Wasn't really planning on doing this but I got bored trying to figure out my vfd so threw a DTI on inside spindle taper. .0005" TIR.
Next I put a precision ground rod 1/2" and got .00075" TIR. Made a mark of the high spot and then dropped the table 3.5".
The high spot moved .001". I was getting .002" high of zero and .001 low of zero so .003" TIR at 3.5".
Oh, and after dropping the table I raised it just a little to take the backlash or whatever it is out.
I'd like to know if anyone did some tests on theirs and how it turned out.
 

wrmiller

I measured the inside of the spindle, on the taper and it barely registered. I stopped there because anything else is more indicative of the accuracy of tooling/tool holders and mine are not Hardinge quality, so it is what it is.

I guess I'm more of a end result kind of guy and so far I've been very pleased with my 935 TS. It's way more accurate than I am.

I hope you have as much fun with yours. :)
 

ddickey

Outside of my taper was .001"
Although that really means nothing.
 
Last edited:

pacifica

Wasn't really planning on doing this but I got bored trying to figure out my vfd so threw a DTI on inside spindle taper. .0005" TIR.
Next I put a precision ground rod 1/2" and got .00075" TIR. Made a mark of the high spot and then dropped the table 3.5".
The high spot moved .001". I was getting .002" high of zero and .001 low of zero so .003" TIR at 3.5".
Oh, and after dropping the table I raised it just a little to take the backlash or whatever it is out.
I'd like to know if anyone did some tests on theirs and how it turned out.
Seems high.
 

ddickey

That is very rare for these. I've talked to Matt. My precision ground bar can not be used however. Matt pointed out the tolerance is .002"/ft.
I suspect it's worse than that.
 

wrmiller

The only surface that matters is the taper that the collet registers on, or so I thought. And you used a collet to hold the ground rod? What's the tir on the collet?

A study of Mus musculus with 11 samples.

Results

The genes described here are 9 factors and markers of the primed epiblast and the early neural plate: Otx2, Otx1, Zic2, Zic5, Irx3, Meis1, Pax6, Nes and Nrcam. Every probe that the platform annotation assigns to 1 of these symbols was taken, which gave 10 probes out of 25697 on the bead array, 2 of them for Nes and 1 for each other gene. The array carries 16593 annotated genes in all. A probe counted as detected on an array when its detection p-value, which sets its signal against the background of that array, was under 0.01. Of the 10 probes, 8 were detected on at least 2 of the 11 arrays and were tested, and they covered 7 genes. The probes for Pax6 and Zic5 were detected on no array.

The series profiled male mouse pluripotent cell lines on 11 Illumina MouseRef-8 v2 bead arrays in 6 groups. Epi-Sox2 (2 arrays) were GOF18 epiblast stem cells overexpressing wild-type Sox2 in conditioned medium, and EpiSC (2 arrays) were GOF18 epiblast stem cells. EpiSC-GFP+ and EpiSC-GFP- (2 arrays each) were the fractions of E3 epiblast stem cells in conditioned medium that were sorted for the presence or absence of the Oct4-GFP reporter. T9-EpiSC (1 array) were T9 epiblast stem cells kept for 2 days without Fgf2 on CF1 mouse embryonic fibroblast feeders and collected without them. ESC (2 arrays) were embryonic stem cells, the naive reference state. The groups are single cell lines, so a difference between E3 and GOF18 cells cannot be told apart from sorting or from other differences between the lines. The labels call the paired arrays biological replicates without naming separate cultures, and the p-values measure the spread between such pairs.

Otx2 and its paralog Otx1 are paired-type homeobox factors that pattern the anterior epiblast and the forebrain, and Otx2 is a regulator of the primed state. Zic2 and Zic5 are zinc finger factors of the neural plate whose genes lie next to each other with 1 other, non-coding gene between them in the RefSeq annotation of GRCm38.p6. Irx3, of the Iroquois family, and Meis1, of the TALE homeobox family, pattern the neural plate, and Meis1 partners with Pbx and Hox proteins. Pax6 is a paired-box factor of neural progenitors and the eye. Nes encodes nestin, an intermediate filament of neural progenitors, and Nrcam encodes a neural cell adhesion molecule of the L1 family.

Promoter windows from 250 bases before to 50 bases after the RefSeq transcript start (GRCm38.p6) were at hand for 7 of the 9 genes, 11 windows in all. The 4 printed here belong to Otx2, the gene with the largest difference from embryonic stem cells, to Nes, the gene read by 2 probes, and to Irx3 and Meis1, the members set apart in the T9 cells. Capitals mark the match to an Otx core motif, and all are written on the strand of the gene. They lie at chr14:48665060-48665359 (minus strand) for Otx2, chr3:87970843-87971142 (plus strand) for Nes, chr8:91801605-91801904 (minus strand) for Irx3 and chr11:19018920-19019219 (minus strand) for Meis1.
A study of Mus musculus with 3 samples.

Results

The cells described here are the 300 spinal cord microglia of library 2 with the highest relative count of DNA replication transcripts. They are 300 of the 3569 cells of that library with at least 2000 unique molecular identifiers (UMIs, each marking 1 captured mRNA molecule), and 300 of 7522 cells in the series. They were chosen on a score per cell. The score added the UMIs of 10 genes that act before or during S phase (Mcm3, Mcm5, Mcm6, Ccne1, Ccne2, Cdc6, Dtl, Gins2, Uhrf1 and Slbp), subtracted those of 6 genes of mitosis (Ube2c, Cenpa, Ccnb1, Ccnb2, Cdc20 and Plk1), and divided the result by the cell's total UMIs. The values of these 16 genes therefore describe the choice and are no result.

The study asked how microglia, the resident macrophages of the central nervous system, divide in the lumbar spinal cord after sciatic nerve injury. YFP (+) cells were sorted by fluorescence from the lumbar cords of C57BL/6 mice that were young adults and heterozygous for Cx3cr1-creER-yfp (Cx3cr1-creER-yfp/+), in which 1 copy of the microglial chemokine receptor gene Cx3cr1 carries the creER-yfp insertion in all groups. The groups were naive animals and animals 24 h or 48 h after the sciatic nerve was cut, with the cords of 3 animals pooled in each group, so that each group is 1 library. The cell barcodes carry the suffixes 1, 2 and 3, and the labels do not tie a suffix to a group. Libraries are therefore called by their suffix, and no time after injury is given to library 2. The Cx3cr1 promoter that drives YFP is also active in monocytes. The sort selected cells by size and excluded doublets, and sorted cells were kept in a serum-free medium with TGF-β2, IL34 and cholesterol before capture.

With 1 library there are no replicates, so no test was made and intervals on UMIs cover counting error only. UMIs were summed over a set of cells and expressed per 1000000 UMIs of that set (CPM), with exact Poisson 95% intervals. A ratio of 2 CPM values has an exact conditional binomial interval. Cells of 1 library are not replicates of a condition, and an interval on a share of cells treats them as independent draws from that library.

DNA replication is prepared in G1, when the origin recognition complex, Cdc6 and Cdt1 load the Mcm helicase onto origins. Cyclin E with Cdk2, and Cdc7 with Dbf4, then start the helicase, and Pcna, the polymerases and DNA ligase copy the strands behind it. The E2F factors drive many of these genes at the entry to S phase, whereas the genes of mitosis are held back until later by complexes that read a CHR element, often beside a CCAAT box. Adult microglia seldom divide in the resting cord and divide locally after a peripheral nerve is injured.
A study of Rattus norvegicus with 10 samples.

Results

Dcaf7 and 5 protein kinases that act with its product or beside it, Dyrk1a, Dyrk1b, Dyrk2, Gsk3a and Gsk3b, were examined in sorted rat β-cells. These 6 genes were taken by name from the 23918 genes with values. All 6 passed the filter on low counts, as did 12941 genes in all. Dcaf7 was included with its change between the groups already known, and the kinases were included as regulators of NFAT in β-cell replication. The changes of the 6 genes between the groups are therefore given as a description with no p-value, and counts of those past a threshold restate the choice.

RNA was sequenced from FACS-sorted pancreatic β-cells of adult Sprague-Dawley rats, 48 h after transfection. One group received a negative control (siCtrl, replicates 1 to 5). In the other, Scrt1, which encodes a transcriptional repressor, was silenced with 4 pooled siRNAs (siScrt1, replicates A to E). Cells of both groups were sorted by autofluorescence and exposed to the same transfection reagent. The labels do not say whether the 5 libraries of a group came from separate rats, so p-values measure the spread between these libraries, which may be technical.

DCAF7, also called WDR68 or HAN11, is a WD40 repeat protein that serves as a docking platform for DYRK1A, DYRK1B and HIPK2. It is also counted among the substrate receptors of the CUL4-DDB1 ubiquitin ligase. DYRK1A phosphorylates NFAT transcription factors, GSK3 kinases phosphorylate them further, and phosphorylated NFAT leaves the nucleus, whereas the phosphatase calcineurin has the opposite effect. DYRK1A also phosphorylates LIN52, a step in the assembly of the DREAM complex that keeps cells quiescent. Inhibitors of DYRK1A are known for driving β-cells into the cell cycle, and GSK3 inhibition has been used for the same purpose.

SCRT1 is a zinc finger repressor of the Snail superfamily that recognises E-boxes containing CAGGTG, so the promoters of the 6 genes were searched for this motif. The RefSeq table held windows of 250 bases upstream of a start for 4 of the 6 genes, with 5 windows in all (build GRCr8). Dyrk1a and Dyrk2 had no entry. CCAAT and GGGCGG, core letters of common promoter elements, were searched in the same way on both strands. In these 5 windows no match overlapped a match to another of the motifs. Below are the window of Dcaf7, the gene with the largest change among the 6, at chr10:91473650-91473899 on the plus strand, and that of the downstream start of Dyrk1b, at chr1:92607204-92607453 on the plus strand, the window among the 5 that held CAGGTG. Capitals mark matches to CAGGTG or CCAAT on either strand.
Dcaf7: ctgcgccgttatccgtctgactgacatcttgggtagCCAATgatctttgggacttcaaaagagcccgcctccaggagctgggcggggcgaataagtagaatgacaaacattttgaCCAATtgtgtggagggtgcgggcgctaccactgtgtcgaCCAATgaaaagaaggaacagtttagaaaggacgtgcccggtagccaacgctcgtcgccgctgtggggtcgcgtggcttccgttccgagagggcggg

I'm not a machinist, so I'm trying to figure out what exactly you're measuring here? Thanks.
 

ddickey

The only surface that matters is the taper that the collet registers on, or so I thought. And you used a collet to hold the ground rod? What's the tir on the collet?

I'm not a machinist, so I'm trying to figure out what exactly you're measuring here? Thanks.
That's correct, the inside is the only thing that matters. .0005" max run out for the collet.
 

mksj

The accuracy of R8 and 5C collets can often can be problematic, their TIR can be several fold worse then the spindle and you can also see significant axial run out as you you go further away from the collet. I use a Haimer edge/center finder which has a repeat accuracy of 0.0004", when I tried to set the tip alignment, I quickly found that the collet TIR was much worse and so had issues of not being able to set the tip alignment. I ended up having to use an ER32 collet system that I could verify that the TIR was ~0.0001" for a precision pin. I also found that my 0.0005" indicator just didn't have the sensitivity/accuracy to align the probe tip, I use a Compac 0.0001" test indicator and was able to get the Haimer to repeat per spec. The Haimer has a 12mm shaft, so initially was using a Shar's 12mm R8 collet, but the TIR was ~0.0006", so pretty bad. I replaced it with a Royal R8 collet which was vastly better. As other mentioned, a direct reading of the spindle collet mating surface it what counts, then getting a decent set of collets/chucks. I would expect spindle run out on higher end machines to be in the 0.0001-2" range.
 

Bob Korves

To test a spindle, test the spindle, not the collet or other intermediate tooling, which only confuse the issue.